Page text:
A research study spearheaded by clinical researchers at Weill Cornell Medicine – Qatar (WCM-Q) has shown for the first time that type-2 diabetes can be reversed in those originating from the Middle East and North Africa (Mena) region.
The internationally competitive work is the first intensive lifestyle intervention trial in the Mena region and the first clinical trial in primary care in Qatar. The clinical trial demonstrated significant weight loss as well as reversal of type 2 diabetes in more than 60% of intervention participants.
Led by Dr Shahrad Taheri, professor of medicine at WCM-Q and a consultant endocrinologist at Hamad Medical Corporation and the Qatar Metabolic Institute, the research team conducted a randomised control trial, comparing the effects of the best medical care for diabetes with intensive lifestyle intervention therapy that included dietary change, physical activity, and behaviour change.
The study participants were younger adults who had all been diagnosed with diabetes within the previous three years. They were all aged between 18 and 50 and had a body mass index (BMI) of 27kg/m² or more. Participants were randomly placed into the control group or the intensive intervention group.
Individuals in the intervention group underwent a total diet replacement phase, in which the participants were given formula low-energy meal replacement products followed by the gradual reintroduction of food combined with physical activity support. This was in conjunction with a weight loss maintenance phase that involved structured lifestyle support.
Participants in the control group received the best currently available diabetes care based on clinical guidelines.
The results were highly significant with participants in the intervention group losing about 12kg on average after 12 months, compared with about 4kg in the control group.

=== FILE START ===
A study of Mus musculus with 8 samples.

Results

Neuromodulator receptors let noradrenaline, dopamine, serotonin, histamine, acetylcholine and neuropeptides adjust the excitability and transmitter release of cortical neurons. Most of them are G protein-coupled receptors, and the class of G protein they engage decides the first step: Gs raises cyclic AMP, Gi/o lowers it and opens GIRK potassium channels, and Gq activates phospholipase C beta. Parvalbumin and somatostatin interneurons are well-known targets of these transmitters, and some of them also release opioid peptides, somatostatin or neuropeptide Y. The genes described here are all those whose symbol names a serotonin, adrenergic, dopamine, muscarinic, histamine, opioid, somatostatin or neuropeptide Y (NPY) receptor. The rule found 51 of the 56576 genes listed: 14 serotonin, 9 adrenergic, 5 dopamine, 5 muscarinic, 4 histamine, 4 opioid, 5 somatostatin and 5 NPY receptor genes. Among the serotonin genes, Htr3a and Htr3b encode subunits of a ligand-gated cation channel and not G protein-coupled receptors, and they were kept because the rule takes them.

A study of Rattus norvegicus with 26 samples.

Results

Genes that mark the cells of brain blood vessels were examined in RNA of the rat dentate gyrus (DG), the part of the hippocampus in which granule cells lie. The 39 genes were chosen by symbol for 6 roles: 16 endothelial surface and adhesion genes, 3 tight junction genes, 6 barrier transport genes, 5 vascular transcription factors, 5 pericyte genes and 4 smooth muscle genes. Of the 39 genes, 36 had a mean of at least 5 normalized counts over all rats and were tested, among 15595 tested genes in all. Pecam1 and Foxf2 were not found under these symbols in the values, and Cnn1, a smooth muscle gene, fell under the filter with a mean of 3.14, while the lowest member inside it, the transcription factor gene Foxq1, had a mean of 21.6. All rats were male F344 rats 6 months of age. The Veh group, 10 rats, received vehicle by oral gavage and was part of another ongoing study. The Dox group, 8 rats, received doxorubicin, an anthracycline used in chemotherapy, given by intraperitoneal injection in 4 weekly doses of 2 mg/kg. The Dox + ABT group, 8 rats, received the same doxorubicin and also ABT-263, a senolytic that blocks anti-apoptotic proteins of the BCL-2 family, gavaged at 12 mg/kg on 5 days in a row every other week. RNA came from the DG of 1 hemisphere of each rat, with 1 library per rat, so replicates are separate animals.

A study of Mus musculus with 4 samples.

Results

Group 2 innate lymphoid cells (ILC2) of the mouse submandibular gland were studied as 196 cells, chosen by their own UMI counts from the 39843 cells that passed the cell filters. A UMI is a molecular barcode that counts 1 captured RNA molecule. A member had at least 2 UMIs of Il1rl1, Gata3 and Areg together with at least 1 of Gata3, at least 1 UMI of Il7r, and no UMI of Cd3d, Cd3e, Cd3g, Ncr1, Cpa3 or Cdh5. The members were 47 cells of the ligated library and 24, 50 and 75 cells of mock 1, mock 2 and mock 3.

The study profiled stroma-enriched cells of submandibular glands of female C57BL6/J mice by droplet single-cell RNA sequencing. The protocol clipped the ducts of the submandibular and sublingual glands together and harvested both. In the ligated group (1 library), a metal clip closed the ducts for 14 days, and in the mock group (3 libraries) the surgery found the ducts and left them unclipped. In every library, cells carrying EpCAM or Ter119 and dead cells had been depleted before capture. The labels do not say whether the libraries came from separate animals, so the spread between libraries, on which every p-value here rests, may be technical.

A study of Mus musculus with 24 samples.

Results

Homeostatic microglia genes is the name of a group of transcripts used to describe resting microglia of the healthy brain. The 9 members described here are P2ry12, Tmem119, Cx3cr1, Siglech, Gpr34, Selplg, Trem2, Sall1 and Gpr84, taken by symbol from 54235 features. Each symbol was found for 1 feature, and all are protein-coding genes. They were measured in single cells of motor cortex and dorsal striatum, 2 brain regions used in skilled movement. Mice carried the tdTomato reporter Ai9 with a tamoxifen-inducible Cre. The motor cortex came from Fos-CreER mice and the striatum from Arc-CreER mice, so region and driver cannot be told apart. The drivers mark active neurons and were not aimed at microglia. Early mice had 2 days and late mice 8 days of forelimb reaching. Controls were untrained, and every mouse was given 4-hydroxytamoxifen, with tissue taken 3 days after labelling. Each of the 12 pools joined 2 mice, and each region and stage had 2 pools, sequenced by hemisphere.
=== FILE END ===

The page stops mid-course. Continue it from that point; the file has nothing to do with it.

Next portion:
Most importantly, almost two thirds (61%) of participants in the intervention group saw their diabetes go into remission, meaning that their blood sugars were no longer in the diabetes range. Finally, over one third of participants in the intervention group saw their blood sugar levels return completely to normal.
The research is of such importance for its impact on health that it has been published in The Lancet Diabetes and Endocrinology medical journal, one of the world’s leading medical journals. This is the highest impact health publication in which a clinical research study conducted in Qatar has been published. Dr Taheri said: “This study was highly significant, proving for the first time the benefits of an intensive lifestyle intervention for patients with diabetes originating from 13 different countries in the Mena region.
“It is also the first time that a health study originating and conducted in Qatar has featured, because of its high clinical value, in such a prestigious publication as The Lancet.
Our study shows that it is possible to reverse diabetes in young individuals with type 2 diabetes. We can now take this directly into the clinic in Qatar and make a difference to people’s lives.
The study, entitled ‘Effect of intensive lifestyle intervention on bodyweight and glycaemia in early type 2 diabetes (DIADEM-I): an open-label, parallel-group, randomised controlled trial’ was funded by Qatar National Research Fund (QNRF – NPRP 8-912-3-192), a member of Qatar Foundation.
Dr Abdul Sattar al-Taie, executive director of Qatar National Research Fund said: “Funding research which promotes the healthcare of the citizens of Qatar is one of the cornerstones of our mission at Qatar National Research Fund. Type 2 diabetes and its spread in the Middle East is a matter of high concern which requires research that focus on the local populations and conditions.”
“Therefore, I am very glad to learn that QNRF funding has resulted in such a significant research project with positive implications for the Qatari people and all affected by type 2 diabetes.
Such research projects which focus on the local populations will be helpful in developing effective and specialised treatments to help people with type 2 diabetes in Qatar and the region.”
Dr Javaid Sheikh, dean of WCM-Q, said: “Given that diabetes is so prevalent within Middle Eastern populations, this study has the potential to help tens of thousands of people, improving their quality of life and enhancing their life expectancy.
“Not only that, but by revolutionising the way type 2 diabetes is treated in Qatar, we could see more people reverse diabetes, removing the need for lifelong medical care and so improving health budgets.
“It is testament to what can be achieved when different organisations collaborate, in this case WCM-Q has worked in partnership with QNRF, Qatar Foundation, the Primary Health Care Corporation, Hamad Medical Corporation and Qatar Diabetes Association, Weill Cornell Medicine in New York, and Cornell University in the US to achieve remarkable results.
“It also clearly demonstrates that the funding and infrastructure that has been put in place by Qatar’s leadership is bearing fruit and that the country is a Middle Eastern hub for clinical science and research.”